New Delhi -°C
Today in New Delhi, India

Feb 25, 2020-Tuesday
-°C

Humidity
-

Wind
-

Select city

Metro cities - Delhi, Mumbai, Chennai, Kolkata

Other cities - Noida, Gurgaon, Bengaluru, Hyderabad, Bhopal , Chandigarh , Dehradun, Indore, Jaipur, Lucknow, Patna, Ranchi

Home / Business News / Union budget 2020 will fear and wish for inflation at same time

Union budget 2020 will fear and wish for inflation at same time

Number Theory: Any strategy which seeks to counter food inflation aggressively may backfire for overall growth prospects.

business Updated: Jan 28, 2020 01:49 IST
Roshan Kishore
Roshan Kishore
Hindustan Times, New Delhi
A labourer talks on his mobile phone as he sits on sacks of onions at a wholesale market in Mumbai.
A labourer talks on his mobile phone as he sits on sacks of onions at a wholesale market in Mumbai.(Photo: Reuters)

The forthcoming union budget will be presented at a time when inflation growth is the highest in five-and-half years. India’s benchmark inflation measure, Consumer Price Index (CPI), grew at 7.35% in December, the highest since July 2014. Yet, it is lack of inflation which would have hurt the government’s fiscal calculations the most. The Central Statistical Office (CSO) expects nominal GDP growth to fall to 7.5% in 2019-20. This is the lowest since 1975-76. This basically means that India’s GDP has grown at the slowest pace since 1975-76 if inflation adjustments are done away with.

The real GDP growth figures are only arrived at after applying GDP deflator on the current price estimates. Nominal GDP growth is what also matters for revenue collections, as taxes are a fraction of nominal, rather than inflation-adjusted incomes. The 2019-20 Budget assumed nominal GDP growth to be 12%.

These statistics have given an unprecedented twist to the ongoing budgetary exercise. The current government has lot taken credit for presiding over a low-inflation regime (unlike its predecessor’s). Yet, it has to work in a situation where inflation is acting differently for households and the government budget. The former have been hit because of rising prices and the latter is faced with a significant shortfall in revenues because of a collapse in nominal growth.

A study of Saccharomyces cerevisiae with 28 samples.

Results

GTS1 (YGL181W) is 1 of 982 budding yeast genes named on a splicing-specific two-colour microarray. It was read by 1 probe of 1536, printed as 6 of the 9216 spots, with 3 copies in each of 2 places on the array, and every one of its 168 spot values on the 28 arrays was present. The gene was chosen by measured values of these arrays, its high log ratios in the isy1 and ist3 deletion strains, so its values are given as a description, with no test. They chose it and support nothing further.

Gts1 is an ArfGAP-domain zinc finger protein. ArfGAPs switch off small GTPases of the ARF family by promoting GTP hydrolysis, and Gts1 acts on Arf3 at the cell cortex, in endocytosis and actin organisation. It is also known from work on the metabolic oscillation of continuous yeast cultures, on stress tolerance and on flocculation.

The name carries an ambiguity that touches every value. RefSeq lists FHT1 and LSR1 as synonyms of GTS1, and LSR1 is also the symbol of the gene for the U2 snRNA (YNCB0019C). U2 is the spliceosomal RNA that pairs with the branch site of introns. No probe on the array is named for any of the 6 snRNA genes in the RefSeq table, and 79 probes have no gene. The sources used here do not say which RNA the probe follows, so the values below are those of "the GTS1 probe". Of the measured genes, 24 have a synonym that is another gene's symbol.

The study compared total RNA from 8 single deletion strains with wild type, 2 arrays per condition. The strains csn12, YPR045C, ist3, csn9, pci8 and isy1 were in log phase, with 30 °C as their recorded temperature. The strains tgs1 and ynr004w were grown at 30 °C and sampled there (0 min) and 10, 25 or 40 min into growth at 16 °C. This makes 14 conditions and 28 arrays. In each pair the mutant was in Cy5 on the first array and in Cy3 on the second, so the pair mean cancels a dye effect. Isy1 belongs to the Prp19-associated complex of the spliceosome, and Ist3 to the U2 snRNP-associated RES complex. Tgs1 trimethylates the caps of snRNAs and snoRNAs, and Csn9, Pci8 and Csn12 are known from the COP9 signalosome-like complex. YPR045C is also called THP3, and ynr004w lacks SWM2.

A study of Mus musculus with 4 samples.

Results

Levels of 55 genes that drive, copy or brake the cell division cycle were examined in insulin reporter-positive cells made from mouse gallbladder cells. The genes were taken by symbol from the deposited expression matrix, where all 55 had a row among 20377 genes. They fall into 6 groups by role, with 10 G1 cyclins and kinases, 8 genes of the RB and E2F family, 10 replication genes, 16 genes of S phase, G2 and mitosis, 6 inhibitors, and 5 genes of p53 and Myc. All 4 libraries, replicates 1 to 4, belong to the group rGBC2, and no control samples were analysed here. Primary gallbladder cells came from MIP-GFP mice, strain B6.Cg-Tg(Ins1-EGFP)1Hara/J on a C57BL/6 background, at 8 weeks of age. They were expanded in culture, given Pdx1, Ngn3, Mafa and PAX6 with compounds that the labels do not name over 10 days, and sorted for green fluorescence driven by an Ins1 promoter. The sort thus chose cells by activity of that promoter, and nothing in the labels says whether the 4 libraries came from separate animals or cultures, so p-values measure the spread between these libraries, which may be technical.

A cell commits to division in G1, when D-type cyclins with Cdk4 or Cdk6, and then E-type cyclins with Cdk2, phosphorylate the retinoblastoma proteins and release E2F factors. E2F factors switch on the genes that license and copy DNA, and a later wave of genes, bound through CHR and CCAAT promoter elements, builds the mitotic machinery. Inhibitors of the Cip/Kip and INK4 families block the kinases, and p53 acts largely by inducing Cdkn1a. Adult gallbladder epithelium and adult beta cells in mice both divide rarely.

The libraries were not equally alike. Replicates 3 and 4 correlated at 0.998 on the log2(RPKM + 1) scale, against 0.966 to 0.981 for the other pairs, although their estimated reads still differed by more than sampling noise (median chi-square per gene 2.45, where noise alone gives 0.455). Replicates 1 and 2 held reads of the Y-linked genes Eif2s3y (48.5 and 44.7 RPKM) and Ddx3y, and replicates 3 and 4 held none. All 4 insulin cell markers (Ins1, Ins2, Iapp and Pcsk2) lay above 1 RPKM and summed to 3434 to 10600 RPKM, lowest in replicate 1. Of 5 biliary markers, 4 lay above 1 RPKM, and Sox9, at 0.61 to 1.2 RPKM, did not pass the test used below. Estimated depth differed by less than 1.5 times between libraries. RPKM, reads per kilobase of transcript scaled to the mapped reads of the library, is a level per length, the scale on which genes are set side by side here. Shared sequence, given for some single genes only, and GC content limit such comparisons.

To understand this otherwise paradoxical situation one has look at more inflation measures than just the CPI.

Let us look at the important numbers first. A comparison of nominal component of GDP (difference between nominal and real growth), CPI and Wholesale Price Index (WPI) shows that nominal growth component of GDP has been more closely aligned with the WPI in the recent past. See Chart 1 below.

 

This is not very surprising as the CPI basket has a much bigger weight of food items (39%) than its WPI counterpart (24.4%). The share of agriculture in Gross Value Added (GVA), which is most likely to be impacted by food prices, has been declining overtime and it is expected to be 14% in 2019-20.

A comparison of core and non-core retail inflation clearly shows the current divergence between food and non-food prices in the Indian economy. Core inflation is defined as inflation in the prices of non-food non-fuel commodities in the CPI basket. See Chart 2 below.

 

With food prices expected to remain sticky for a while and core inflation too inching up -- the latter climbed in December after falling continuously for five months -- the government will have to choose between taking care of political headwinds from inflation and fiscal headwinds because of lack of inflation (in this case, the collapse in nominal growth).

We will get an idea about the government’s priorities when it reveals the projected nominal GDP growth for 2020-21 in the budget. The shortfall in projected (in the budget) and actual nominal GDP growth in 2019-20 is the largest since 2000-01. See Chart 3 below.

 

Achieving a balance between cushioning household budgets from rising inflation and boosting nominal growth will not be an easy task. What can be said with certainty is that any strategy which seeks to aggressively counter food inflation aggressively might backfire for overall growth prospects as it will also hurt the 40% workforce which is dependent on farm incomes for its livelihood.

This is nothing short of a macroeconomic conundrum for the policymakers at North Block.